Passing the Torch: Kennedy's Touch on Obama's Words

JFK speechwriter says he's given "phrase or suggestion" to Obama's writers.

ByABC News
February 7, 2008, 6:38 PM

Feb. 8, 2008— -- It's no accident the Kennedy magic has infused itself into the campaign of Barack Obama.

Theodore "Ted" Sorensen, the adviser whom John F. Kennedy once called his "intellectual blood bank," is lending his unabashed support -- and eloquence -- to the Obama campaign.

Oprah, another gushing Obama supporter, may have star power, but Sorensen has brain power.

At the age of 24, he joined the staff of the newly elected Sen. John F. Kennedy and later helped him win the presidency, calling on Americans to pass the torch to a new generation.

The legendary speechwriter helped Kennedy craft the now-famous 1961 Inaugural address in which the new president proclaimed, "Ask not what your country can do for you, but what you can do for your country."

At the height of the Cuban Missile Crisis -- when Sorensen was 34 -- he penned the letter to Soviet Premier Nikita Khrushchev that historians say saved the world from nuclear destruction.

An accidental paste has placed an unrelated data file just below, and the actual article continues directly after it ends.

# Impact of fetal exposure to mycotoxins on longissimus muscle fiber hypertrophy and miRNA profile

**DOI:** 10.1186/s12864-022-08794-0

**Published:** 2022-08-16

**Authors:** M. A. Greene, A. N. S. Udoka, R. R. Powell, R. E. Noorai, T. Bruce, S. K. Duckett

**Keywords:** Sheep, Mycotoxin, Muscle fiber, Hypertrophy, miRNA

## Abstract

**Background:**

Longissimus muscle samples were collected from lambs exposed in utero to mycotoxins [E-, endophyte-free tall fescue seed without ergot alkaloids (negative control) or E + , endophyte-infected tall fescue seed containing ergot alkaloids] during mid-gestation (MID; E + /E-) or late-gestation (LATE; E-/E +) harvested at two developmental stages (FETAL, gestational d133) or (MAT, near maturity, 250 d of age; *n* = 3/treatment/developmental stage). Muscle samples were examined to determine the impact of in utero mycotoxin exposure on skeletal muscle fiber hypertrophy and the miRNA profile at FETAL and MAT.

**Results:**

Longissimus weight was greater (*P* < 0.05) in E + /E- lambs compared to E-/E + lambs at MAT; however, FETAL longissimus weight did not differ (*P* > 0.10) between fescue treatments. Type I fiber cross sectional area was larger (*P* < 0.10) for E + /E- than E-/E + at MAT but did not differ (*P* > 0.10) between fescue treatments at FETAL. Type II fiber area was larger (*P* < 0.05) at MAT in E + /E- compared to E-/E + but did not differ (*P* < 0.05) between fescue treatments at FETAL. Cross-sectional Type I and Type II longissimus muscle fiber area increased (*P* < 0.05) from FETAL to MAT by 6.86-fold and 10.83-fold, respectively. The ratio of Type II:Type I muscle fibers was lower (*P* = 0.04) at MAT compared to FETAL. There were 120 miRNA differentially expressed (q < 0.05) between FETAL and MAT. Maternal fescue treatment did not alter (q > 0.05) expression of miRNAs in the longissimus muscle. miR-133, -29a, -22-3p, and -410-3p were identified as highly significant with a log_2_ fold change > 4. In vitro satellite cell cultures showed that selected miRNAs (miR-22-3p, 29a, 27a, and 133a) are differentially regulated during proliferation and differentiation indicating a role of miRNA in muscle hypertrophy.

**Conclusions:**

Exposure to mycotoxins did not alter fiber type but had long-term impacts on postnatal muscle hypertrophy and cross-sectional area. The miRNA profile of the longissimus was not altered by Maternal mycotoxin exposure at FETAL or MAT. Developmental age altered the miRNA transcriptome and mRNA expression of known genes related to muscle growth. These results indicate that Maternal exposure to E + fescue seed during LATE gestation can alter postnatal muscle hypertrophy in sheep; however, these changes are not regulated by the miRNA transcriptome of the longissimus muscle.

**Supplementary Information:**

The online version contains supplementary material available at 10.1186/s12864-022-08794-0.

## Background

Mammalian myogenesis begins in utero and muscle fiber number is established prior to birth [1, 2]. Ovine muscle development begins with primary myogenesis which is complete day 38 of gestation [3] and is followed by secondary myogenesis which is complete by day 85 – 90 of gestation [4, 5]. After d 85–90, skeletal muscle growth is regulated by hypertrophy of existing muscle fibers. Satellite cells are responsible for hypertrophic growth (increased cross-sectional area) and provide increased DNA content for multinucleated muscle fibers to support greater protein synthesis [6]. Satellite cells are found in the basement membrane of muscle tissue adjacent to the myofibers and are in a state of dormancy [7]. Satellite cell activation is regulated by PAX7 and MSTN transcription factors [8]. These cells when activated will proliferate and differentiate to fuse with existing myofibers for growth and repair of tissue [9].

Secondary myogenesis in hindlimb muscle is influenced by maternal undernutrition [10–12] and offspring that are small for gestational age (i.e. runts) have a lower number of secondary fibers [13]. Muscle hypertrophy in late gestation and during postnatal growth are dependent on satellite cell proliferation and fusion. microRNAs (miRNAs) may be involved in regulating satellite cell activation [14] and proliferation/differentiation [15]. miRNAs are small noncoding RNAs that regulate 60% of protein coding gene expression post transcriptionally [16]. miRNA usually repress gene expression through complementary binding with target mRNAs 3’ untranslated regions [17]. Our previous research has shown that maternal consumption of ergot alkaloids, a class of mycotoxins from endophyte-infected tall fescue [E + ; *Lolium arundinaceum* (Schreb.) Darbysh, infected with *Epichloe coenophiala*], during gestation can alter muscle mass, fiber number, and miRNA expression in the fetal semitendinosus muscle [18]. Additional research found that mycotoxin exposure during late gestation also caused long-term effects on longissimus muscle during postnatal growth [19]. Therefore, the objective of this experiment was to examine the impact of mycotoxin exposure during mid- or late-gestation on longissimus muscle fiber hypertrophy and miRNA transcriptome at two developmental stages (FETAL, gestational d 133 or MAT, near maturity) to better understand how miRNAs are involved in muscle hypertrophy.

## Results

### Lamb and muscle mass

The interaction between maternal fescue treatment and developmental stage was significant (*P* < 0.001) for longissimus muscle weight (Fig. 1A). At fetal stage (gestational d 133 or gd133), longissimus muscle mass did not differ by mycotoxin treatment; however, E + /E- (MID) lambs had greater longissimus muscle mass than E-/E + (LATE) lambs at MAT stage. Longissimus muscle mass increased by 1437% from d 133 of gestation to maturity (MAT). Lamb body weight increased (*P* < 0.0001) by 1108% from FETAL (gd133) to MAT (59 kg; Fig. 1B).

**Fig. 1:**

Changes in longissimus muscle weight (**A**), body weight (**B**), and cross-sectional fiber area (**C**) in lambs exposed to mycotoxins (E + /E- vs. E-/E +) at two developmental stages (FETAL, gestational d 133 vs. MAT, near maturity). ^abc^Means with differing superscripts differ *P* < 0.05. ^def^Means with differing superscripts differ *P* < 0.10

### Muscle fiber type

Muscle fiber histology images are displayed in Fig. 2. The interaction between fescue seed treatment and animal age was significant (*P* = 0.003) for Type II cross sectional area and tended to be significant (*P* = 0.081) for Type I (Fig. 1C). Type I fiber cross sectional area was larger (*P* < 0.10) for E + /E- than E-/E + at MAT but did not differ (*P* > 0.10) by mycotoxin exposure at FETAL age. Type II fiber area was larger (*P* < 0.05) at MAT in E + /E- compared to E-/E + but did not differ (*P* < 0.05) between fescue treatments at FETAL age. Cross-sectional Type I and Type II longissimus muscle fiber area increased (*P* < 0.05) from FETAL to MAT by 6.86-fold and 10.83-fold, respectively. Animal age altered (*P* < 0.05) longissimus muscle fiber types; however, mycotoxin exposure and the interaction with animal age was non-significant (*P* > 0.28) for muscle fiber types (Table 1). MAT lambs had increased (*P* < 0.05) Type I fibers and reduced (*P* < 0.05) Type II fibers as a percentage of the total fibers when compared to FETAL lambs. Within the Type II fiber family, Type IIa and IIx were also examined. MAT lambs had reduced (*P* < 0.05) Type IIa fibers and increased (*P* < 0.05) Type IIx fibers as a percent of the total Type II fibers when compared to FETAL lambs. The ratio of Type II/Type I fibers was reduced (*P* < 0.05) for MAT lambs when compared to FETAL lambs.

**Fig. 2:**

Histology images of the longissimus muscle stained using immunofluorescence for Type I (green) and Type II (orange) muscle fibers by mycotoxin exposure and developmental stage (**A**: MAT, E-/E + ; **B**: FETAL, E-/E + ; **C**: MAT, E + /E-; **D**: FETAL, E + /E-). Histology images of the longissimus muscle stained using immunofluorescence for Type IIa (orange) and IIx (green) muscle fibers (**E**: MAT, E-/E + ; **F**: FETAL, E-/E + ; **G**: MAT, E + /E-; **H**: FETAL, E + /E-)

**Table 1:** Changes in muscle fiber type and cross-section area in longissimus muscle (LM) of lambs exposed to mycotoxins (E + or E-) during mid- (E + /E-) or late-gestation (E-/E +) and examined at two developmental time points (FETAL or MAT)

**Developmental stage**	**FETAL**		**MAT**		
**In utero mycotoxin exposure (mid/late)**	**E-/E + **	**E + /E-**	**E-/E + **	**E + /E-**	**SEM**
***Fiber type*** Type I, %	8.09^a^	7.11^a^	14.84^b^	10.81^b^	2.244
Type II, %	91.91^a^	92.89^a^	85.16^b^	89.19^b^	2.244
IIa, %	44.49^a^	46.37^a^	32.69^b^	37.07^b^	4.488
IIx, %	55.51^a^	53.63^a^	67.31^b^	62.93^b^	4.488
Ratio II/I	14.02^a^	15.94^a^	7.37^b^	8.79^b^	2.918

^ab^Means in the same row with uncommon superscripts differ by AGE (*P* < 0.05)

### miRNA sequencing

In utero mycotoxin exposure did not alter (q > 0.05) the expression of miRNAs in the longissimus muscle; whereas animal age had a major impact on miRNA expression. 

Today, at 79 years old and blind, Sorensen has a new mission: to resurrect Camelot. And it seems the Obama campaign is listening.

"I've given them a phrase or suggestion or two," Sorensen admits.

As for all the comparisons that have been drawn between Obama and Kennedy, "I probably started it," he told

Sorensen has not only given his support and advice to the Obama camp, he's grown close to the senator's young speechwriters as well.

The candidate's deputy writer -- Adam Frankel -- assisted Sorensen with his memoirs, which Harper Collins will publish in time for his 80th birthday in May.

"We've become close friends," Sorensen said of Frankel, 26, one of Obama's wordsmiths.

"He knows me and my style and JFK's style and his speeches. It's surprising the little touches that creep in to whatever he writes for Obama."